Banca Monte dei Paschi di Siena SpA’s investors, backed by the foundation that has controlled the world’s oldest lender for 18 years, agreed to remove a cap that limits private owners’ voting rights as the lender seeks new funds.
Shareholders representing 53.7 percent of the bank’s capital backed a measure to scrap the 4 percent voting cap at a meeting in Siena today.
Chief Executive Officer Fabrizio Viola and Chairman Alessandro Profumo are seeking to revive the lender and lure investors to a 1 billion-euro ($1.3 billion) stock sale to help repay state aid and avert nationalization. The bank, engulfed by probes into alleged misconduct by former managers including false bookkeeping and regulatory obstruction, needs to return to profit this year to avoid handing over a stake to the government.
“If we don’t remove the 4 percent limit the bank would disappear,” Profumo told investors before the vote. Without the change, Paschi wouldn’t be able to raise funds to repay state aid, he said. “Unfortunately, there are no new investors on the horizon.”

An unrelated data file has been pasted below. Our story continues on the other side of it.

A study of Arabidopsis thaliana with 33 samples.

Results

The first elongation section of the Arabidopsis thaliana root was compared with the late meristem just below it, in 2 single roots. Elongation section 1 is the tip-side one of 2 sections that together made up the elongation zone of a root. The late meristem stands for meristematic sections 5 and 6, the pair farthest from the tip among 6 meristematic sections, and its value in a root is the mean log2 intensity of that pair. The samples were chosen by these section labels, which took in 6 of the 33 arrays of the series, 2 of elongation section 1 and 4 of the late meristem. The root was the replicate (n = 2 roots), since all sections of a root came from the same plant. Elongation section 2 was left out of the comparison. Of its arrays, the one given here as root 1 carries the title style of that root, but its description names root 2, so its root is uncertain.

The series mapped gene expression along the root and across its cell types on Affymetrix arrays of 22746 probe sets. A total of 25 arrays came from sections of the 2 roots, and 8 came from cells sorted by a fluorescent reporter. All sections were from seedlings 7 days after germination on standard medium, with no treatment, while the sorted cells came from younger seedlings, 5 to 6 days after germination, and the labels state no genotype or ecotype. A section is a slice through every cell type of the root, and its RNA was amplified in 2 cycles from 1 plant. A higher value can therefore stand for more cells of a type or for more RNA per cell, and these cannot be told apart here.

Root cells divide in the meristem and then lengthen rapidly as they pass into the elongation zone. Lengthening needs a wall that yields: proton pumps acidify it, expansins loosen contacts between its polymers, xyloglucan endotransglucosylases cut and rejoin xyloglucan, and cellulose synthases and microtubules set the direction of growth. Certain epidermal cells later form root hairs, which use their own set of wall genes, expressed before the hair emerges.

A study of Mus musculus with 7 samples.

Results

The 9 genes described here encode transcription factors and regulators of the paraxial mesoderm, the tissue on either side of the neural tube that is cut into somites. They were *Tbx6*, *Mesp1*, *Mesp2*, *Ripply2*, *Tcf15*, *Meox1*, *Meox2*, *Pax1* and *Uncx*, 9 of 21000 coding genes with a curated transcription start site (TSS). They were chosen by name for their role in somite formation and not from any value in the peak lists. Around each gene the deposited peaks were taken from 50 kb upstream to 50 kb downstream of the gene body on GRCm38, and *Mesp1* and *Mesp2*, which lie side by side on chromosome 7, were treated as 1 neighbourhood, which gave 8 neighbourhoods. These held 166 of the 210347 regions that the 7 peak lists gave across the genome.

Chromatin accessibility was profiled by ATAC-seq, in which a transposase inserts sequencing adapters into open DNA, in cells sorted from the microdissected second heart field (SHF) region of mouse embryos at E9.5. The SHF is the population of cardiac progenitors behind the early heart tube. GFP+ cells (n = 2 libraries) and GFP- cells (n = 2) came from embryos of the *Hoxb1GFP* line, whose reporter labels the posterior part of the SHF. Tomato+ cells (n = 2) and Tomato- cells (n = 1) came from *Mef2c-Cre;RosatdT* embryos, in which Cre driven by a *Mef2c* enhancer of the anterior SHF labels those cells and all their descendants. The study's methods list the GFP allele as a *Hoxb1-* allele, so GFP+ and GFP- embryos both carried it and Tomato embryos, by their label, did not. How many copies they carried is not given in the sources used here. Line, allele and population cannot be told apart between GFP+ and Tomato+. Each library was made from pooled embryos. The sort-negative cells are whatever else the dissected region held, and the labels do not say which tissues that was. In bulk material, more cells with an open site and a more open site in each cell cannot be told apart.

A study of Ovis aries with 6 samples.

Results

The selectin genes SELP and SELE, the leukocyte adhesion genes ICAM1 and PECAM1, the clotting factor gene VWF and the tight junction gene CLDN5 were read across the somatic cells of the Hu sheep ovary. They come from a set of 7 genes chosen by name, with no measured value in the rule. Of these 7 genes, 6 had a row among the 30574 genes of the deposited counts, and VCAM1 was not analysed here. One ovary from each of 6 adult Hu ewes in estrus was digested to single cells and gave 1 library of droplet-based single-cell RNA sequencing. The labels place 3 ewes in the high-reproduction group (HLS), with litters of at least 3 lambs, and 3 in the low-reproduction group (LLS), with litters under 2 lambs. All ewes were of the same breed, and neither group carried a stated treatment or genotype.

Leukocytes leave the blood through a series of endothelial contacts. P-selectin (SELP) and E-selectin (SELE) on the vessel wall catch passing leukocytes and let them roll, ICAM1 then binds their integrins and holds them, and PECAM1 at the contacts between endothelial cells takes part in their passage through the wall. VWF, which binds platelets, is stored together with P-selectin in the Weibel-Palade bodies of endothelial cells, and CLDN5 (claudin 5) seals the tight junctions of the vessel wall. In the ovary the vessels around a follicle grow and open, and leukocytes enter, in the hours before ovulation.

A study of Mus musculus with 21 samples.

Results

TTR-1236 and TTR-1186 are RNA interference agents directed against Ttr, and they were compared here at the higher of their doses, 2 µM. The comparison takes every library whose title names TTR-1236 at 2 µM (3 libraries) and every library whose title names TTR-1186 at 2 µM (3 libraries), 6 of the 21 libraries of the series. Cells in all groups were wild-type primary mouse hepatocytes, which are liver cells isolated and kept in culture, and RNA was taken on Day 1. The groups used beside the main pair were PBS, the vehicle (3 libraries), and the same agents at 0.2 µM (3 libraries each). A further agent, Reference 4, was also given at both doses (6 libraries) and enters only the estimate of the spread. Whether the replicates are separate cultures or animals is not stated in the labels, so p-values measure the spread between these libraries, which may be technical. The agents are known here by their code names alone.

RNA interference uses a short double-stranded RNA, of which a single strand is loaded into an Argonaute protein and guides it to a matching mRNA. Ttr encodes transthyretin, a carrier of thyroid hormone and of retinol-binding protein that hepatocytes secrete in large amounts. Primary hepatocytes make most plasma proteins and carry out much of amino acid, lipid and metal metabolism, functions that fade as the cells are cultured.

Fondazione Monte dei Paschi di Siena, which owns about 34 percent of Paschi, was created in 1995. Non-profit banking foundations were created about two decades ago when the philanthropic arms of savings banks were split from their lending operations to pave the way for the industry’s privatization.
Today’s decision was not “avoidable,” Monte Paschi Foundation President Gabriello Mancini said before the vote.
Monte Paschi sought 4.1 billion euros in state aid in February, adding 2 billion euros to a previous bailout. The lender that month restated accounts to reflect losses on derivatives from 2008 and 2009 the former management had hidden in transactions first revealed by Bloomberg News in January.